Post Classifieds

Opinion | Public must demand more accountability after innocent civilians are killed by drones

Milam's Musings

By Brett Milam
On February 24, 2014

It's a Friday evening; classes are in the rearview and an ice cold Shock Top sounds good.

Adorned in a red Miami hockey hoodie, a few buddies and I make our way Uptown to our favorite establishment: Skipper's Pub.

The big screens in Skipper's make it the perfect viewing location for the best college basketball games. Add in a quarter pound of savory cheeseburger and tonight is going to kick-start a great weekend.

Permeating the loud chatter and music at the bar is a sound unfamiliar to Miami students: A buzzing overhead. If Skipper's was located in the most remote tribal areas of Pakistan, the accustomed would be fleeing in desperation. Instead, I take a swig of Shock Top, my mind on the cute girl at the end of the bar.

Then there's a whirring followed by an explosion that obliterates the Top Deck at Skipper's. The large tree in front falls down, cutting through the middle portion of the bar. The burning flesh of survivors smells like charcoal, as they pour through the broken doors, bleeding and confused. There is no love and honor here - just chaos.

In the aftermath, seven people are dead and scores more wounded. The Miami community is in an uproar to find answers: Why did this happen? Who was the target? The families of the victims go before the Parliament in Yemen to testify. Their son or daughter wasn't a terrorist; they were not guilty of anything. Why did they have to die? Nobody gives an answer.

National reporters in Yemen pick up on the story and want to ask President Hadi, "why did this drone bombing occur on apparently innocent civilians in a college town in Ohio?" No answers. Hadi will not even acknowledge it occurred.

The only recourse is to turn to the Yemeni public. But the public doesn't care, either. Some collateral damage is the price of war.

All of this may seem like an absurd scenario, but it serves to illustrate what it would be like if the roles between the United States and Yemen were reversed in the operation of drones.

Such an action did happen to 16-year-old Abdulrahman al-Awlaki, an American citizen born in Denver. In 2011, Abdulrahman and his teenage cousin were eating dinner at an open-air restaurant in southern Yemen when they were killed by an America drone, along with nine other civilians.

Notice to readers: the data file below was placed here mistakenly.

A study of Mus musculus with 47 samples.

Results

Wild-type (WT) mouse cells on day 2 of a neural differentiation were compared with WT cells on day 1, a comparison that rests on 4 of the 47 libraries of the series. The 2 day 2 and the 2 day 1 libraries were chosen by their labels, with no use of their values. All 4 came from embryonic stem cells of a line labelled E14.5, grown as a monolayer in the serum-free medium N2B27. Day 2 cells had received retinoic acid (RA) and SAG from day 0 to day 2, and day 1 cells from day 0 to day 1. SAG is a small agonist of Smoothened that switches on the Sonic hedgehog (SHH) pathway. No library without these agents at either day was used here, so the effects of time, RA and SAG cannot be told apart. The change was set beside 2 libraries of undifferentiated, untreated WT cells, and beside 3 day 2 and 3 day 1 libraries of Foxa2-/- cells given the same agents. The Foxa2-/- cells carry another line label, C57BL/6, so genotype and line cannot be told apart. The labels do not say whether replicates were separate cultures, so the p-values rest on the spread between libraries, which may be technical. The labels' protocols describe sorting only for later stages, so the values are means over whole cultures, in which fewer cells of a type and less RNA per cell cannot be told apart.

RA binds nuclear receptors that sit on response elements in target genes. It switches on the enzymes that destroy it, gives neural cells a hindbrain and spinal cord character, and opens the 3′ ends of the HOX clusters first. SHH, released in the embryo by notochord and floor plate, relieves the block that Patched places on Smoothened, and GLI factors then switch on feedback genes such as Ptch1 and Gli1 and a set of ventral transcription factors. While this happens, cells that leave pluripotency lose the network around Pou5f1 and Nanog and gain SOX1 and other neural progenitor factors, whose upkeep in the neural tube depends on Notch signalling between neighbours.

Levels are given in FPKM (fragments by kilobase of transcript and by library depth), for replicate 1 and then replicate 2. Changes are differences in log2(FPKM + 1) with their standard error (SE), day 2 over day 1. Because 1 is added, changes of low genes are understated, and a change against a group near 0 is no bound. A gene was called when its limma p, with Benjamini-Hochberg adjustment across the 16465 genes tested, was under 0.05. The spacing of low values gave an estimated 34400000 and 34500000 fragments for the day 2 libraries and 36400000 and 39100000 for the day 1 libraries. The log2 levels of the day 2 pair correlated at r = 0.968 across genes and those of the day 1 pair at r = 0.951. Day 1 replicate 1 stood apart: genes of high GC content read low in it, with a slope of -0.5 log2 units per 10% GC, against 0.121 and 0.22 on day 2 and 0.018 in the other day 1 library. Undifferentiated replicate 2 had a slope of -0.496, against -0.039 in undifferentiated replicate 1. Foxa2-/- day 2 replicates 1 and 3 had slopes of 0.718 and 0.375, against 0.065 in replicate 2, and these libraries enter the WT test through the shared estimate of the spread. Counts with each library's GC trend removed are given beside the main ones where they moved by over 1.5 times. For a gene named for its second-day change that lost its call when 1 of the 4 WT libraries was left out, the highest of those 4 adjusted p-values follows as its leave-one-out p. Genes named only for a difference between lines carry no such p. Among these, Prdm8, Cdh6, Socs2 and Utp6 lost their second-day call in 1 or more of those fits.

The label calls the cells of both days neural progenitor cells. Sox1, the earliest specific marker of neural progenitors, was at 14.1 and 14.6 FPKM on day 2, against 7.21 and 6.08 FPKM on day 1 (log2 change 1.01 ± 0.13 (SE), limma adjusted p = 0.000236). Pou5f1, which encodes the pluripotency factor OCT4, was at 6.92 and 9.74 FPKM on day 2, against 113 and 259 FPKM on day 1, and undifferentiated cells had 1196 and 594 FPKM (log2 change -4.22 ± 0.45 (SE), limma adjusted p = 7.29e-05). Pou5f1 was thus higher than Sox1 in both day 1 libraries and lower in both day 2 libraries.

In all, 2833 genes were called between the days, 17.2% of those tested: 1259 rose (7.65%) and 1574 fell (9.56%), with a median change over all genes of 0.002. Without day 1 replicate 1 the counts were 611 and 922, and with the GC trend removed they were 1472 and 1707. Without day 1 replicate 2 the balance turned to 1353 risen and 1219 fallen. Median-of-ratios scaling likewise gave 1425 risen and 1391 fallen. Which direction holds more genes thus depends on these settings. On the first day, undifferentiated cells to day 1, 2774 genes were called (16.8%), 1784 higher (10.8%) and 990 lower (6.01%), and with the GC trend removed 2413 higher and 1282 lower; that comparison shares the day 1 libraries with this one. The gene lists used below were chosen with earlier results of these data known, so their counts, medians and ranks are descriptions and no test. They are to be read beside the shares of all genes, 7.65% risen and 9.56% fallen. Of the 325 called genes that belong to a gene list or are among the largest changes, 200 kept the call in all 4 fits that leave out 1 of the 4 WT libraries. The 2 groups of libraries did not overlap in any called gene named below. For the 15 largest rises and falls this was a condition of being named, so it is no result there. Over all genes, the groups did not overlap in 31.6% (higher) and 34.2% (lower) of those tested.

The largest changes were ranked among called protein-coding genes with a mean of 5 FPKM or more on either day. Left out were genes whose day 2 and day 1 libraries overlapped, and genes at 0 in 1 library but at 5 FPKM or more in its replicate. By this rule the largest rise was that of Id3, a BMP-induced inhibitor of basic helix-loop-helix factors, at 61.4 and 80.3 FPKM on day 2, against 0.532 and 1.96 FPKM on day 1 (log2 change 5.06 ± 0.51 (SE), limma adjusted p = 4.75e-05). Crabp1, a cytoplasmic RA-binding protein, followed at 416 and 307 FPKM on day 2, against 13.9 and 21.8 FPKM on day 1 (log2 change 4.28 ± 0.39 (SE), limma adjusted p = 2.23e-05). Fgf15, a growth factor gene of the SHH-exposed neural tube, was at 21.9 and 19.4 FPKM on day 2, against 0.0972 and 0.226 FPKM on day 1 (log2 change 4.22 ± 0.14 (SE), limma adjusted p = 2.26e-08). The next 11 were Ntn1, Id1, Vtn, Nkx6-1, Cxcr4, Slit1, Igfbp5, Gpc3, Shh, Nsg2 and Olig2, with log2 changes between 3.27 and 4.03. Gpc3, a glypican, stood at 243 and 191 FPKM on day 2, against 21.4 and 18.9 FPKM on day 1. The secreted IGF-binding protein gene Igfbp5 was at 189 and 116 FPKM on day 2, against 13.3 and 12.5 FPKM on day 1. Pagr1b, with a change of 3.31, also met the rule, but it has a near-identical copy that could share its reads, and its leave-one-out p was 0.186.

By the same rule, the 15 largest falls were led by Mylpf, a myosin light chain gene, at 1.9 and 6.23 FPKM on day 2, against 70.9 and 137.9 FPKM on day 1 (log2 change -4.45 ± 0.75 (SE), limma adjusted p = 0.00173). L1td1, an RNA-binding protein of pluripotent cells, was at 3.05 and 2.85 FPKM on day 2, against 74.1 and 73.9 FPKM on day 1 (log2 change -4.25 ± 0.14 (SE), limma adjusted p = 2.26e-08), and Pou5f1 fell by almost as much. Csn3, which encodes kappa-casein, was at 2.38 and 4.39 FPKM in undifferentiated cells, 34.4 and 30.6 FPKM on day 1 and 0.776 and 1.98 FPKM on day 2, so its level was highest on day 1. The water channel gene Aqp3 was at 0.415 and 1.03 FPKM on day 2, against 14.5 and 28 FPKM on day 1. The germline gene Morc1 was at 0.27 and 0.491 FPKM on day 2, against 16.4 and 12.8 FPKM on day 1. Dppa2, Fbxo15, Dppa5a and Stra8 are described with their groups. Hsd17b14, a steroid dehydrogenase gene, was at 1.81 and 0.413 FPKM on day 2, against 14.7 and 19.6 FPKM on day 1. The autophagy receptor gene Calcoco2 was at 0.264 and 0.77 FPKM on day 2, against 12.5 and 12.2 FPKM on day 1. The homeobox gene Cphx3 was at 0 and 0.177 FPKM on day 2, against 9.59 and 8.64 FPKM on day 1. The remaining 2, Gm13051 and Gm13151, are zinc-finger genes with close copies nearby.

Two weeks prior to his son's death, Anwar al-Awlaki, born in New Mexico and affiliated with al-Qaeda, was killed by a drone strike also in Yemen. It's the first known case of an American president ordering the assassination of an American citizen.

Some may scoff at the death of Anwar, saying, "He's a terrorist, who cares?" What about his 16-year-old son? By every account and report, he was innocent.

Even despite talks from President Obama and senior administration officials about more transparency over the drone program, just two weeks ago, reports surfaced that the president was considering a drone strike on another American citizen thought to be living in Pakistan.

Last year, the Obama administration confirmed four American citizens had been killed by drone strikes, only Anwar's was intentional. Why does that not incur more outrage from the American public? If President Bush or a President McCain or a President Romney had ordered the assassination of an American citizen, would they get a pass from Democrats, too?

Will Democrats be back in the streets protesting robust executive power and drone killings once a Republican is doing them?

We should absolutely want to know what the legal standard is to target an American citizen for death. Naureen Shah, advocacy adviser at Amnesty International U.S.A, believes little has changed since Obama promised more transparency.

"The public and most members of Congress are still completely in the dark about where the U.S. claims authority to strike, the legal rules and the identity of those already killed," she said.

The Presidential Policy Guidance, which outlines the conditions for lethal attack, states no attack would be ordered without "near certainty" that no non-combatants would be harmed or killed. Has that "near certainty" been upheld?

Nobody knows if such a standard is being upheld, according to the New York Times, because there is still a tight security blanket over the data.

And even more problematic is that the Obama administration considers all military-age males killed by drones as militants. Still, the Bureau of Investigative Journalism estimates that total civilian casualties since 2004 in Pakistan alone have ranged from 416 to 951.

It is not just American citizens; the men, women and children that have been killed in Pakistan, Afghanistan, Yemen, Somalia, Mali and other countries should concern us.

Sure, President Obama did not launch a preemptive war against a country under false pretenses, like Bush, but he is claiming a power even Bush didn't conceive of: The ability to assassinate an American citizen without due process.

While it does appear drone strikes have stalled in Pakistan at least, past and continuing drone strikes and the power claimed to use them should not be acceptable to the American people.

In the name of the innocents killed on our behalf, we should rein in the executive branch and demand full transparency.